The New Building at St. Mary Magdalene’s
The vision for the St. Mary Magdalene’s Project could not be achieved through use of the church building alone. While there are small spaces for meetings, the Church is still used regularly for worship and it lacks modern facilities like running water and toilets. There is no disability access.
The new building is therefore essential for the activities planned and to ensure the Church becomes a rounded experience for all its visitors. The Heritage and Learning Centre will have a classroom, a display space, toilets and a café. The classroom has been designed so that it meets all Department for Education guidelines and can accommodate up to 30 pupils. This will encourage close links with local schools whose pupils can come in on a regular basis to do project work in subjects like history, citizenship and art. At other times the classroom will be used for lectures and courses and as a bookable space for community groups.
The café provides an important social space and also an interface between the outside canal-facing green areas and the inside of the new building and the church. The café will act as a relaxed interface between passers by and the new project and its walls will be used to display work by those who use the Centre. It has been designed to present an inviting front to those who may be curious about the scheme but unsure about stepping into an imposing church building. It will also provide an opportunity for a small business to set up in catering and train young people in hospitality.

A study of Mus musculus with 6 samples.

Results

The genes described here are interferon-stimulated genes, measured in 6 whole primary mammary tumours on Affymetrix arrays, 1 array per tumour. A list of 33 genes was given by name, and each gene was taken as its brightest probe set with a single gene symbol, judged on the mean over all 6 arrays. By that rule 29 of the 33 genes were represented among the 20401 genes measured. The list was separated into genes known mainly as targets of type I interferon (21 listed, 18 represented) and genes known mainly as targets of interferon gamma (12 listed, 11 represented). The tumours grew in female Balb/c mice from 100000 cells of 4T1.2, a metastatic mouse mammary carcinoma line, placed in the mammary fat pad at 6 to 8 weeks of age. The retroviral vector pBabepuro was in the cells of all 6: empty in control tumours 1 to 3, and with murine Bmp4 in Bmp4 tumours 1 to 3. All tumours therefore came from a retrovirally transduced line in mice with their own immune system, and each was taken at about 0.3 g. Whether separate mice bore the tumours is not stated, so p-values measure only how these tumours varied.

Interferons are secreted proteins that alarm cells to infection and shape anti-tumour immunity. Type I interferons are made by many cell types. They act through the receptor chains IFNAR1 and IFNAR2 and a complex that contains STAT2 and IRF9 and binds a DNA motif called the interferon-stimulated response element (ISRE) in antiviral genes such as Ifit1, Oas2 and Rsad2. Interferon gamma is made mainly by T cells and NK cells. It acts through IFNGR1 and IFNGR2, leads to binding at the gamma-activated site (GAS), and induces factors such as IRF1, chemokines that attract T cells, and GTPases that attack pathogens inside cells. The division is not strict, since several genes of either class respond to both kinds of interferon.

The designers of the new extension have faced a number of challenges however. The site is small, constrained and an awkward shape whilst Street’s church building is architecturally forthright and cohesive. A link has to be made between the two. There are important issues too about protecting the way this Grade 1 listed building can be viewed from different angles. To help resolve these questions the views of the Victorian Society and Historic England have been sought.
However the Heritage and Learning Centre is about much more than basic facilities or fitting in with the past. It is about ambition and identity. It is about welcoming all members of society, not just members of the Church of England. The new extension has a vital job of work to transform the identity of the Church and to change perceptions and to make a clear statement of welcome to all who pass by.